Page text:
John Farrell tweeted the observation that tonight’s cup game between AFC Wimbledon and Liverpool was being touted as if AFCW was the same club as the old WFC – which is a good thing despite the fact they’re not. It was Ben Cobley’s retweet that I picked-up, and when I mentioned the old days at Plough Lane (WFC’s ground at the time) it turned out Ben was also a supporter on the terraces there at that time.
From the north-east of England, I was a student in London 74 to 77 and WFC were promoted from the Southern League to the old 4th division, the same year I graduated and started living and working in SW London, sharing rented houses with other mates from the north.
78 and 79 we took the opportunity to watch mighty representatives of north-eastern football then in the 4th division – Hartlepool, Darlington, York, Doncaster to name a few visitors to Plough Lane. I’d forgotten Ron Noades and Dario Gradi were the management team at that time … but I do recall in those early league days, there were few enough on the terraces, that the banter involved conversations with the guys on the pitch. Great times.
By 79/80 I’d moved to live and work in Reading, and my social contacts with London were reduced to live music rather than football, but when Sylvia and I married and set-up home in Reading, the first day of the 81/82 season we looked for a match since it turned out we were both fans. Reading FC hadn’t really registered on our radar then, but we noticed the Fulham had just been promoted to the top flight and their opening game was to entertain Chelsea, so we rather naively set off for the Cottage.
Discovering from the radio on the drive there, that game was a sell-out (naturally), I suggested given the lateness of the hour and the direction we were headed, “how do you fancy WFC?”
We never looked back. The original Crazy Gang years were even greater times. Corky, Ev, Glyn, Wally, Bez and Fish and later Vinny, Sanch and Fash all under ‘Arry’s direction. Don’t recall now whether they were back in the 4th or whether they’d had their second promotion to the 3rd that season, but 81 to 86 every season was a promotion or relegation battle, culminating with achieving the top flight in 86. I reckon we missed barely a dozen games, home or away, through that period. Mad times. That was BC (Before Kids) and eventually WFC was no longer the original crazy gang when ‘Arry left after finishing 6th.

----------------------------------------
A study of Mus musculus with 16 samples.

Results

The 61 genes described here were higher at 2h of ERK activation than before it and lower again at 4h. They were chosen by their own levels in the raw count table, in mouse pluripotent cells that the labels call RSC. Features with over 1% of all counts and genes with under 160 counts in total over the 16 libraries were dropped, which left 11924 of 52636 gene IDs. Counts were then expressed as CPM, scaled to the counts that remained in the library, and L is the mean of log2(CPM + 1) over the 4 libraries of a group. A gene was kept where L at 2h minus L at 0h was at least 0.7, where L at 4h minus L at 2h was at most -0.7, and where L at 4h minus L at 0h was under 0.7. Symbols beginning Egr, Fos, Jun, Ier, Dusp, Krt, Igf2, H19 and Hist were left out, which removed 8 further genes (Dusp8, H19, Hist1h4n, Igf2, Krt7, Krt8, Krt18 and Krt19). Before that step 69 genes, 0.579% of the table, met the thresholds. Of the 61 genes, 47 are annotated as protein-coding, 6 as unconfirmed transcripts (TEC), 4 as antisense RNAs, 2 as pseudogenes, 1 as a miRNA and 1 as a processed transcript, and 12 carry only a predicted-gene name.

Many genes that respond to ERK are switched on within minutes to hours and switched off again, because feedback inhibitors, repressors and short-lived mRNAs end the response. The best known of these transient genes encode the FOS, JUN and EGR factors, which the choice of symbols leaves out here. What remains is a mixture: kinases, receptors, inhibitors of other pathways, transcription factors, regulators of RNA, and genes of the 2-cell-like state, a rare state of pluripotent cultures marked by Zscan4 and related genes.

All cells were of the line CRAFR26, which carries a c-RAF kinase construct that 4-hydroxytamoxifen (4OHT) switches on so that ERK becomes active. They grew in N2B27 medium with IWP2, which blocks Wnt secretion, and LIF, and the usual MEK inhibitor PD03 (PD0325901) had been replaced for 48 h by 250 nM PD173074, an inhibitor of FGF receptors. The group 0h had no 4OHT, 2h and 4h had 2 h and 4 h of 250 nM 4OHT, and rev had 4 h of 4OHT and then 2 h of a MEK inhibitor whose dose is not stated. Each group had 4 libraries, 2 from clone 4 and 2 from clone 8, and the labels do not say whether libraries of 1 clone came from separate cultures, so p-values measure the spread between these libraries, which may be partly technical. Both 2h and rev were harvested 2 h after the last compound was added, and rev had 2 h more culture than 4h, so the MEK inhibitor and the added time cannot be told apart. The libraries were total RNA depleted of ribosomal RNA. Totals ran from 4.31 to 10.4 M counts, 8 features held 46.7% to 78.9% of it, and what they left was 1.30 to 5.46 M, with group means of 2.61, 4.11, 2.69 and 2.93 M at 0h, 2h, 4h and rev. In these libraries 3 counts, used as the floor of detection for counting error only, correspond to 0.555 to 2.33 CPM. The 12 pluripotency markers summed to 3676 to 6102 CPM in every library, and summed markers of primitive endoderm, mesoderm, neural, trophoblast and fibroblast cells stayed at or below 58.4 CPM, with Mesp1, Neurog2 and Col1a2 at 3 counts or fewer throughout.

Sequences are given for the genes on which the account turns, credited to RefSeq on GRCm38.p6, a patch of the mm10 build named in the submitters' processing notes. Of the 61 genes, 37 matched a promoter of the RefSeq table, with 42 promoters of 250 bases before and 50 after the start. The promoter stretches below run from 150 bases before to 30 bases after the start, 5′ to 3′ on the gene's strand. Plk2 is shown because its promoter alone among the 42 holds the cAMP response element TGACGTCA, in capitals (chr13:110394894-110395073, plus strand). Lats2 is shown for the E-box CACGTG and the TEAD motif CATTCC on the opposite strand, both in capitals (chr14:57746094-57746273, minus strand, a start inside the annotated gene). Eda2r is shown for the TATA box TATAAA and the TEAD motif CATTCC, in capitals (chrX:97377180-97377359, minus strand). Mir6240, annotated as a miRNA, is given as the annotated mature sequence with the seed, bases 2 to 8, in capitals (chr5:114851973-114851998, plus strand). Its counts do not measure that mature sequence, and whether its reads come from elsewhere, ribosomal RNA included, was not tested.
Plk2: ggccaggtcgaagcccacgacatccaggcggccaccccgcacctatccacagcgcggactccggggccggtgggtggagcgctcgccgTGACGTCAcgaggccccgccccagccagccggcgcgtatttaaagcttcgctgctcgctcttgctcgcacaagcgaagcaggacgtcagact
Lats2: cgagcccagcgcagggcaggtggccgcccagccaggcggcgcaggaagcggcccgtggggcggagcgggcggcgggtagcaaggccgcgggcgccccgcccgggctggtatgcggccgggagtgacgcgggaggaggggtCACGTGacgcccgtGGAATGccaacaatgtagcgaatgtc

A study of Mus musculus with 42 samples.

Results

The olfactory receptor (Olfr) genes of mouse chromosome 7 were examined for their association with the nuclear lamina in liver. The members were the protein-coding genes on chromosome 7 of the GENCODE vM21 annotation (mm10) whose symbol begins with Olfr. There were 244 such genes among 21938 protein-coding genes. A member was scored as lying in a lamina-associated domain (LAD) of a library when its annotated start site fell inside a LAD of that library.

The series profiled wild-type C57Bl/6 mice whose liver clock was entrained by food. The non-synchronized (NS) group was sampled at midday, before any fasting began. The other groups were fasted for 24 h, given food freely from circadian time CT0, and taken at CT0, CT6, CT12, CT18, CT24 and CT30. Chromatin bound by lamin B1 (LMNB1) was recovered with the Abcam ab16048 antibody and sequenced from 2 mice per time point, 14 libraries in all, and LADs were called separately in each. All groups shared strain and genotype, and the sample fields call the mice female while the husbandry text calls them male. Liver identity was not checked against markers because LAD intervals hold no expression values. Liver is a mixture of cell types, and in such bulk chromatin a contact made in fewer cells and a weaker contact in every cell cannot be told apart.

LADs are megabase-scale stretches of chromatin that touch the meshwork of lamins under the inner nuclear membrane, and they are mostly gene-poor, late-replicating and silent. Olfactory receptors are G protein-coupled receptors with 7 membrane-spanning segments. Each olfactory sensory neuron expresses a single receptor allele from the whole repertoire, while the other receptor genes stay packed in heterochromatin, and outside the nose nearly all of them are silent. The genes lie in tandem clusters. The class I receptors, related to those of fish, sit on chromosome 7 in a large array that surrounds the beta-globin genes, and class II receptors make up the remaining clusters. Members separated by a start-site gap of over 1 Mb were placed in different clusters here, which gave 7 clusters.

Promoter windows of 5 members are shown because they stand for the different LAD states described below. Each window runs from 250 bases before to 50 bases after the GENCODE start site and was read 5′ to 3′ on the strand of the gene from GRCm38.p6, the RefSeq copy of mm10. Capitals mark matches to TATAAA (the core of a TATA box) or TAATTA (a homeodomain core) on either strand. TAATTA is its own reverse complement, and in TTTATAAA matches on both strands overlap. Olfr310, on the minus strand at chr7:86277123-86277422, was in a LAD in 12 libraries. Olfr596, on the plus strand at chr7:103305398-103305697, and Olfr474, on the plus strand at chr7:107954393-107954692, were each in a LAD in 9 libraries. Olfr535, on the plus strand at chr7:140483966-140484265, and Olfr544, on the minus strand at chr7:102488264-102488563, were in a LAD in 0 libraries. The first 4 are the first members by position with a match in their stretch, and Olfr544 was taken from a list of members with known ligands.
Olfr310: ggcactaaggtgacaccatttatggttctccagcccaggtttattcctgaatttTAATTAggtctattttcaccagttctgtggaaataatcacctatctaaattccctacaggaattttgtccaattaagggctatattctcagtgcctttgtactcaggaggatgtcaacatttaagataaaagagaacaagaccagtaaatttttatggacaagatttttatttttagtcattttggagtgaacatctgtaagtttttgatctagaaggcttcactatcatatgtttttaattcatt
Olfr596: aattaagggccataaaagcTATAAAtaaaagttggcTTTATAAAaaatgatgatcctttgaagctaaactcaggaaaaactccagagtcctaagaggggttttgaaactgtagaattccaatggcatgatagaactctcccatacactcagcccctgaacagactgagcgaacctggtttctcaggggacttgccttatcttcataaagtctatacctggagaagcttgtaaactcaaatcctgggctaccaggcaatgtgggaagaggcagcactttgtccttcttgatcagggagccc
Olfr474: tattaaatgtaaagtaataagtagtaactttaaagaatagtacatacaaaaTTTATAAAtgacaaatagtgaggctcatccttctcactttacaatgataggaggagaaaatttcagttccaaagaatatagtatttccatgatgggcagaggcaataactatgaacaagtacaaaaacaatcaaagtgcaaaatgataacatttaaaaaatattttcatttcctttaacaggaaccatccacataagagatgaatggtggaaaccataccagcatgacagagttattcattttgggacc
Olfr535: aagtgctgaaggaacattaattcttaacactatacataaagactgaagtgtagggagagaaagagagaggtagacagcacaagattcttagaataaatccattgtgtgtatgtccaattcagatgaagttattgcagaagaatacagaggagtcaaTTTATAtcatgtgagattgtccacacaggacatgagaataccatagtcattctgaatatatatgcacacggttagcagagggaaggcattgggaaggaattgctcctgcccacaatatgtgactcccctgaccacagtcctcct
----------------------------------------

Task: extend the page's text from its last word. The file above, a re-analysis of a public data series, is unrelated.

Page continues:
We never found First-Division / Premiership finance / football as engaging as the real thing. For us a real highlight was a freezing foggy Tuesday night at Oxford’s old Manor Ground – cages for the away fans didn’t protect us from being pelted with coins by our hosts – so foggy that we had to ask Bez what all the commotion was up the other end. Sure enough, Wally had been sent off again. Another surreal memory was the fine summer’s day we beat The Blades away on the last day of the season to not only seal our own promotion, but also to deprive them of the same when, thanks to other results a draw would have served us both. After being held back for about half an hour we were advised the noise and smoke was a police car rolled up against the back gate of our stand and set on fire by their disgruntled fans – and we were eventually let out in small groups walking across the pitch to more remote exits.
Whilst Sylvia was pregnant with our first, we paid one visit to Reading FC – I think by then I’d seen a few evening games there with Reading work colleagues – and all we experienced was away fans’ (Bournemouth) thuggery and violence in the scarily claustrophobic terraced streets around Elm Park. It was several years before we went back to live football with the boys, but that’s another installment – starring Glen Hoddle.